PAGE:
Meet the woman who will be appointed to the Idaho Falls City Council today
Burtenshaw has been named by Mayor Rebecca Casper to take former City Councilperson Shelly Smede’s vacant city council position.
According to Idaho law, when a vacancy occurs on the city council, it is filled by an appointment of the mayor. That appointment is then ratified by the city council, which will happen during a work session meeting today.
Burtenshaw’s roots in Idaho Falls go back to her great grandfather who moved to the city from Driggs. Though she was born in Provo while her father attended law school, her family moved back to Idaho Falls once he graduated.
She went to Dora Erickson Elementary School, Falls Valley Elementary School, South Bonneville Junior High School (which is now Sandcreek Middle School) and Bonneville High School where she met her future husband, Bryce.
After graduation, Burtenshaw enrolled in Ricks College and then BYU where she received a degree in Mechanical Engineering. Afterward, they lived in Cleveland while her husband got his degree in Dentistry. They then moved back to Idaho Falls, where they have lived in the same neighborhood for over 15 years.
Lisa and Bryce have a daughter, Sydney, and three boys, Jacob, Josh, and Ethan.
In 2008, Burtenshaw was elected to be part of the Idaho Falls Board of Trustees for School District 91, where she would serve for 10 years.
“At the time, I felt like there was a big potential for online learning,” she told EastIdahoNews.com. “I was interested in the schools and technology, and where technology could take the students.”
During her time, Lisa and the rest of the school board, along with the superintendent, oversaw the creation of Compass Academy Highschool, where all four of her children would eventually attend. Former City Councilperson Shelly Smede currently sits as director of the school.
Smede resigned last month to spend more time with her family. She told EastIdahoNews.com she was somewhat nervous leaving the city council but was delighted to know Burtenshaw would be taking her place.
“I have just felt a great deal of peace since the announcement,” Smede said. “Everything is in good hands.”
The respect between the two is mutual.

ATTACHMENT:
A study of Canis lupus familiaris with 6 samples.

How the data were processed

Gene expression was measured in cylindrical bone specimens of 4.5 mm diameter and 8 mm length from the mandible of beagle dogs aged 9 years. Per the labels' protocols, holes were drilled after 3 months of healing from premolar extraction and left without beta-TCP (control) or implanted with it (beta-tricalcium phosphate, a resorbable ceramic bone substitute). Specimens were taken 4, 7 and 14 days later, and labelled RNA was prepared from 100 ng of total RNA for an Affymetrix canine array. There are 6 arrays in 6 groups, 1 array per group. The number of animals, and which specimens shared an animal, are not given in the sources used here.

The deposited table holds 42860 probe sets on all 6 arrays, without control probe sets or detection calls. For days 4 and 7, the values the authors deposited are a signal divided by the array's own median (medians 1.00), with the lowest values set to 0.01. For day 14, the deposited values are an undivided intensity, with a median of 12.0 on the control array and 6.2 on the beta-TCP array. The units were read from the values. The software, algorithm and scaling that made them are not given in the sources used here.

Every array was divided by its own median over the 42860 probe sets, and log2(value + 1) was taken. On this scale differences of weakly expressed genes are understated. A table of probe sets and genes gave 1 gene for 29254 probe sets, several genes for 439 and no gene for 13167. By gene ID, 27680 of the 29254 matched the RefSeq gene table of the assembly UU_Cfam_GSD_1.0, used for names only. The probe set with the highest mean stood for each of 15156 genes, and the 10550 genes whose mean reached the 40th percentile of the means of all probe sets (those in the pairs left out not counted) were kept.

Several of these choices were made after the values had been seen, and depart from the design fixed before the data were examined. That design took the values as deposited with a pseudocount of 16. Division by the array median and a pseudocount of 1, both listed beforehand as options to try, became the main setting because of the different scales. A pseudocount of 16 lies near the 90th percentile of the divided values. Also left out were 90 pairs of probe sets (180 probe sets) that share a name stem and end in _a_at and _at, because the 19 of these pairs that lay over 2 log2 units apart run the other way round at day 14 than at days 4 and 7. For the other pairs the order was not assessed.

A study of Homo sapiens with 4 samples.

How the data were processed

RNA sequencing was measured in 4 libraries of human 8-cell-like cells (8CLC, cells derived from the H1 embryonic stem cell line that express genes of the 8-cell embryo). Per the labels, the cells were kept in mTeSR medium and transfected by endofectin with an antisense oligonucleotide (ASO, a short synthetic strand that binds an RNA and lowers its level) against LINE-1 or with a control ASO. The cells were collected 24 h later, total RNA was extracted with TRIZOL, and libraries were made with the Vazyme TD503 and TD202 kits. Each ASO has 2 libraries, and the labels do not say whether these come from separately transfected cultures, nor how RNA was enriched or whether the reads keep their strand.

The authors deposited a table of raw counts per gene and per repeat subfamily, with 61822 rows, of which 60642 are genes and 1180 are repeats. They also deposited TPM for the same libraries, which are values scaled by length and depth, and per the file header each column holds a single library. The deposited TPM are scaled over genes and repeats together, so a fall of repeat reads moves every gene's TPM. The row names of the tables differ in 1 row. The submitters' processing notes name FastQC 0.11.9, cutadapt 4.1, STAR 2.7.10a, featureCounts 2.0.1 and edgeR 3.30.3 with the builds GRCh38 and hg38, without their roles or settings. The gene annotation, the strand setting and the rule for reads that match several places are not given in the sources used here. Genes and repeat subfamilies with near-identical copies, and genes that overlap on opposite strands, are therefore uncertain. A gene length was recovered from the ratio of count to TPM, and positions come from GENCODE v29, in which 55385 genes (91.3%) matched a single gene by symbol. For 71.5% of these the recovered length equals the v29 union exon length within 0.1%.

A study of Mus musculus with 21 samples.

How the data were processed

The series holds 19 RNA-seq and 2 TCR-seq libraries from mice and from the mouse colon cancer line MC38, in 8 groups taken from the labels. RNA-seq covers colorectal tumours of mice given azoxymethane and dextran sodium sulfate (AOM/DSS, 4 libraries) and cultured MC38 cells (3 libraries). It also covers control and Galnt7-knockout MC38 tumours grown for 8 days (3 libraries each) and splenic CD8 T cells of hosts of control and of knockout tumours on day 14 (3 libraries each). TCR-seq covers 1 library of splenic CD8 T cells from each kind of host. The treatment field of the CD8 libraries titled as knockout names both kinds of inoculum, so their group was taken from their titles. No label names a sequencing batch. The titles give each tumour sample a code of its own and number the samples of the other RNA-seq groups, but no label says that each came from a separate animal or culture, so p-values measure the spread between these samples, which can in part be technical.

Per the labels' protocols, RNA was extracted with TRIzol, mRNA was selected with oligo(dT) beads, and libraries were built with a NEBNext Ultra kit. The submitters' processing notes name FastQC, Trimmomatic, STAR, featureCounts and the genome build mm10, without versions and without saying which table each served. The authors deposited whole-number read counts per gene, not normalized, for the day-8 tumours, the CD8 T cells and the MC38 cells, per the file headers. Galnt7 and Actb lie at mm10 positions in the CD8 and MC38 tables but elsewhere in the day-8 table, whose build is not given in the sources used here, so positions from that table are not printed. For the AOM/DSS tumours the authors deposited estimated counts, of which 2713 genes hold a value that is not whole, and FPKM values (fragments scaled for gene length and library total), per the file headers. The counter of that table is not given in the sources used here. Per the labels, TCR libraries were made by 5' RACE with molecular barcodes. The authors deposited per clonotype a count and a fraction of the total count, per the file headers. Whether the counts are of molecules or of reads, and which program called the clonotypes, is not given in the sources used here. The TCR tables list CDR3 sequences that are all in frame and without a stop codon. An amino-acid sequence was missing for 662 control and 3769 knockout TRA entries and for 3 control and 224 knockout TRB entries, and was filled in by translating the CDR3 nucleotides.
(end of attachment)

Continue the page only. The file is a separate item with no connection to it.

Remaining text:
“I have the utmost respect for Shelley Smede. I view her as a collaborative partner,” Burtenshaw added.
One of Burtenshaw’s proudest accomplishments was being involved in the rebuilding of four elementary schools in the district – Edgemont, Dora Erickson, Longfellow, and Ethel Boyes.
“That was a big project for us because so many of those buildings had been put up in the ’60s,” she explained. “It just created a situation in our schools where we were really lacking the infrastructure to deliver the kind of education that our teachers wanted and our parents wanted.”
These accomplishments were important because Burtenshaw found herself in these buildings every day, not only as a school board trustee, but as a mom with children in all stages of education.
After nearly 10 years of service, Burtenshaw announced her retirement from the school board in 2018 to pursue other interests. The board chairman at the time, Deidre Warden, expressed her gratitude for all the work Lisa had done for the district.
“There’s really no way to measure all the work Lisa Burtenshaw has done on behalf of Idaho Falls School District’s students and staff,” Warden said in 2018. “Her countless long hours, thorough understanding of complex issues and vision will be felt for years to come.”
One motto that Burtenshaw has tried to follow throughout her life is knowing that problems come and go, but relationships are the most important thing.
“I truly believe that people forget issues over time, but they remember how you made them feel,” she elaborated.
After focusing on other priorities in her life since the school board, Burtenshaw told EastIdahoNews.com that the timing has worked out for her to be involved in the city council and she is excited for the opportunity to work with the community.
“We’ll just help each other,” she added. “That’s all Idaho Falls is – a group of people who have chosen to live in this wonderful city and raise a family here. We are the city.”